The National Archive Building, being renamed in honour of “true Caymanian” Dr. Philip Pedley. From left: National Archive Director Kimlon Lawrence, Rolston Anglin, Mrs. Arthurlyn Ebanks Pedley, Hon. Premier Bush, His Excellency the Governor, Duncan Taylor, MLA Ellio Solomon, and Deputy Governor Donovan Ebanks.

The Cayman Islands National Archive building was renamed the Dr. Philip E. Pedley National Archive Building recently at a special service held outside the building in George Town.

Dr. Pedley, who passed away in May 2010 after a battle with cancer, came to the Cayman Islands from England in 1971. He played a lead role in the National Archive’s establishment, becoming its first Director, as well as in its subsequent development for more than 15 years.

Several government officials paid tribute to Dr. Pedley during the service.

Deputy Governor Donovan Ebanks spoke about Dr. Pedley’s love for, and identification with the Cayman people, to the point of being accepted by many as a native-born Caymanian. “Dr. Pedley was considered by many to be a true Caymanian, and while he could imitate the Caymanian accent he could never shed his English one. I often joked with him that if he could only get rid of that English accent, he could finally pass for a Caymanian. But he loved this country, and it was evident  through his steadfast dedication to the vision of giving the history of the Cayman Islands back to its people…that he loved all things Caymanian,” Mr. Ebanks said.

Hon. Premier, McKeeva Bush spoke warmly of his contact with Dr. Pedley, and explained that he was in favour of naming buildings after individuals who, like Dr. Pedley, had been key to the establishment and development of the institutions they represented.

West Bay MLA Rolston Anglin said: “As the tributes clearly pointed out, when a person does things for the right reasons, good comes to them.”

A common theme throughout all the tributes was that Dr. Pedley touched the lives of all the people he came in contact with, and had a way of teaching people without ever speaking down to them. Many spoke of a kind and humble man who, ‘touched the lives of all those he met,’ and ‘who was a friend to all.’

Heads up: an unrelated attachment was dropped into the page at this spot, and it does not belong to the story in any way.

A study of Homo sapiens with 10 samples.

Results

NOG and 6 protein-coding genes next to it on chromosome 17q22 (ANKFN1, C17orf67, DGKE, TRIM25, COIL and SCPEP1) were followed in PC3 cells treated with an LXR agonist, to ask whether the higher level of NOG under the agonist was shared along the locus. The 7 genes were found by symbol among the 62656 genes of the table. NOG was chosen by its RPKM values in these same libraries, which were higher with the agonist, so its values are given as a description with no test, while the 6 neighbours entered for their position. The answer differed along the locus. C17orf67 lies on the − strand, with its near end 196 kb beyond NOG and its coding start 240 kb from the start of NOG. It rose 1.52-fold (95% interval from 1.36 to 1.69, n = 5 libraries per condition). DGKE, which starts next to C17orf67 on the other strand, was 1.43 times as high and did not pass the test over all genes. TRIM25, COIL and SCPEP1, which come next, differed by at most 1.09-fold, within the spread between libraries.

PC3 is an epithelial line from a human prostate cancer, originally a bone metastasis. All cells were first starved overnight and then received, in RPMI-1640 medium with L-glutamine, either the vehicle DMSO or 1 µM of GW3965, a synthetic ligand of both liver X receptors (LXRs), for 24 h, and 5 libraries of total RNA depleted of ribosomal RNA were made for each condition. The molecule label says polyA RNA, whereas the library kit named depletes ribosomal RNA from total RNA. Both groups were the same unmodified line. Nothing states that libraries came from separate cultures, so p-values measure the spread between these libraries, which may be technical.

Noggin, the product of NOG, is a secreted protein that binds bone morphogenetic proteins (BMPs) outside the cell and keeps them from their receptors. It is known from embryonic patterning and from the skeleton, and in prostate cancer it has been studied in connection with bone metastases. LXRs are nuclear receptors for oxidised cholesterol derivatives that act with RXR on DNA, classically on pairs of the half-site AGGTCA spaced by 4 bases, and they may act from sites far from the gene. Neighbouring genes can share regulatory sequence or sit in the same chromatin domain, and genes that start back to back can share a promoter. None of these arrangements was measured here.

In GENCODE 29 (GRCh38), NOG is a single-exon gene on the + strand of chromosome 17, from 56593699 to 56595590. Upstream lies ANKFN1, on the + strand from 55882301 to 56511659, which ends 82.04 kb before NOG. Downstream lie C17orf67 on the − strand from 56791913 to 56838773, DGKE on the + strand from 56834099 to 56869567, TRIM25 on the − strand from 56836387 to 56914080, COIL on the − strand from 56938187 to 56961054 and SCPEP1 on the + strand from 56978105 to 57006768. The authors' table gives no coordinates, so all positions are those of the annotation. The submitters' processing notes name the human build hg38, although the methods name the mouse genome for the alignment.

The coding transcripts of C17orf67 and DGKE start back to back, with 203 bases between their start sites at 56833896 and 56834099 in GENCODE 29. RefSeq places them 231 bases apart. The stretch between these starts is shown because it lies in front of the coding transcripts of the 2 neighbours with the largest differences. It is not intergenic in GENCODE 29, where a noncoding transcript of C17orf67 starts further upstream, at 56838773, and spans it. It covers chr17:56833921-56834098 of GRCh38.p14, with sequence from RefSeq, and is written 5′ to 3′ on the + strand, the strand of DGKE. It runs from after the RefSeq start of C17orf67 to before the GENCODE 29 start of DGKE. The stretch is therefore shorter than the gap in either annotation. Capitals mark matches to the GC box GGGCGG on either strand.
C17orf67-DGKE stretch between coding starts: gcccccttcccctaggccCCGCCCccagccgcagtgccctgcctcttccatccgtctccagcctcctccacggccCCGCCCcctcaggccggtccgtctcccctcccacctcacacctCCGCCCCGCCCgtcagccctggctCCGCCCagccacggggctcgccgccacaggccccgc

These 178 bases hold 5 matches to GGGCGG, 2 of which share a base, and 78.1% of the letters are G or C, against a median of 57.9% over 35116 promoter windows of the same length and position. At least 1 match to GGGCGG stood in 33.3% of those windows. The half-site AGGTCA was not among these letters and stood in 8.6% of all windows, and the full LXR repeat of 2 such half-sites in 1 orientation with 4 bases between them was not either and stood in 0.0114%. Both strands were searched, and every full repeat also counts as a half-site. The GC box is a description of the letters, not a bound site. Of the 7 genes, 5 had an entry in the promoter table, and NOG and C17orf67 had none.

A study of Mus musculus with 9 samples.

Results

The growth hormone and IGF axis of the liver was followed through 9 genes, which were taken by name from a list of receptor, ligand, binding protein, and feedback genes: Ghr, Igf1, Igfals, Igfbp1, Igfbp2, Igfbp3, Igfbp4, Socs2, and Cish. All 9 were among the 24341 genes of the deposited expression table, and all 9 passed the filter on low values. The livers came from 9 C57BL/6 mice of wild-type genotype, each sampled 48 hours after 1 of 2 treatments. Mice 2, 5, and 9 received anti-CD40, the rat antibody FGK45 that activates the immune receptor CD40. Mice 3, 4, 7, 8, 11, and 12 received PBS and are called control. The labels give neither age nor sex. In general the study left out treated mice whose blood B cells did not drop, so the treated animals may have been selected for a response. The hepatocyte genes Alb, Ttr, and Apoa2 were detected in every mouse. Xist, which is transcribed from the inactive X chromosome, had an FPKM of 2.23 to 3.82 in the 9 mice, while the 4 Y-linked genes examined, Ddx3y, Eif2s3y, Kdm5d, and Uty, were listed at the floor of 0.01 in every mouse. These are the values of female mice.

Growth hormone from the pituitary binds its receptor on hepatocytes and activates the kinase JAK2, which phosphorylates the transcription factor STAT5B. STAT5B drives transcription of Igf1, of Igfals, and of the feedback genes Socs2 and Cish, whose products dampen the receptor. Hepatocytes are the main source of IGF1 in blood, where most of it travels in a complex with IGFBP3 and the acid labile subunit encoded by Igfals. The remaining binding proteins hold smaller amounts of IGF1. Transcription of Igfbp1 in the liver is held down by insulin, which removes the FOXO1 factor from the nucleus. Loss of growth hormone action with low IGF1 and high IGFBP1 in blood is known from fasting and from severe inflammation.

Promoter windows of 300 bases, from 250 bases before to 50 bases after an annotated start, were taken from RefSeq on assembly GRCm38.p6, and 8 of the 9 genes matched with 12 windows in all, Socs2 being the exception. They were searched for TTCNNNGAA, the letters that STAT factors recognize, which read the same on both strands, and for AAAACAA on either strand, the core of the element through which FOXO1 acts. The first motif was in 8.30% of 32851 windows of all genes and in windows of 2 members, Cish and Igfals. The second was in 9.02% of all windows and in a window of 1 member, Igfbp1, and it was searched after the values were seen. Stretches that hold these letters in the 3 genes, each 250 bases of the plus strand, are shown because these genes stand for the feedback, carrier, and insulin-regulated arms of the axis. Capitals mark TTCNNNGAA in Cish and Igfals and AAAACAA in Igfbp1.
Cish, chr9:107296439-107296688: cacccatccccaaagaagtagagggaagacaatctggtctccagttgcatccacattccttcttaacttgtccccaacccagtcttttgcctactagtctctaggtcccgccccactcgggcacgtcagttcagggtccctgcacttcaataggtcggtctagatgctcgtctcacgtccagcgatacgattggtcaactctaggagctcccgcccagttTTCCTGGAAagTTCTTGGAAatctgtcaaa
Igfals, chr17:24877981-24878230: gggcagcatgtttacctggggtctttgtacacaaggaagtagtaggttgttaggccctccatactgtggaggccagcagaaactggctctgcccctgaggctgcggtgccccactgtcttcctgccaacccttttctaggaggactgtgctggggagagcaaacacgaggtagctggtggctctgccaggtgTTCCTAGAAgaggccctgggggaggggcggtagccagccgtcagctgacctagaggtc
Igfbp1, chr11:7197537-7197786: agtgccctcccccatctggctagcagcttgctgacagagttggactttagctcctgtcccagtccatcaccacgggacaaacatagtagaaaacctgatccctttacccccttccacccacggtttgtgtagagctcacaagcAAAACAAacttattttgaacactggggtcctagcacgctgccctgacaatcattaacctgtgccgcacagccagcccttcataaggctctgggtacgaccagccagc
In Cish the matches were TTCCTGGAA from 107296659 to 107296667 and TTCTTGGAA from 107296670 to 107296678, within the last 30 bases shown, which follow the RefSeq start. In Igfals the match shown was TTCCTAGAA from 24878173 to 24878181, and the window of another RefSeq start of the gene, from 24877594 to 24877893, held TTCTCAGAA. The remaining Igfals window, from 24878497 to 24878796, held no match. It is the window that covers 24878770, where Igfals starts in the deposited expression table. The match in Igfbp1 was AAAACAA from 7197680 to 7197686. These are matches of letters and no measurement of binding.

In an interview with iNews, National Archive director Kimlon Lawrence said: “Dr. Pedley will be remembered for his engaging and gentle spirit, a man of integrity, commitment and dedication.  He was humble about any recognition given to him and preferred to work tirelessly in the background, whilst ensuring that staff receive recognition for their work. His contribution to the establishment of the National Archive cannot be overstated and he will always be credited for laying the foundation. He had passion for all things Caymanian. He endeavoured to ignite that same passion by making Cayman’s history accessible to the public through numerous publications, research and outreach programmes.”

Dr. Pedley came to the Cayman Islands from England in 1971, aged 20, to visit his brother, Dr. Julian Pedley, but loved the islands so much he decided to stay.

After getting a job as a lab technician at the Cayman Islands High School, Dr. Pedley was able to pursue a PhD in English Literature in Pennsylvania, USA. It was in the late 1980’s that he was asked to start the National Archive which was established by law in 1991.

The archive grew from a collection of documents kept in cardboard boxes on the top floor of the old Tower Building in George Town to its present location, a purpose-built building which presently acts as the home to thousands of historical photographs, documents and reference books, along with transcripts of nearly two thousand oral history interviews.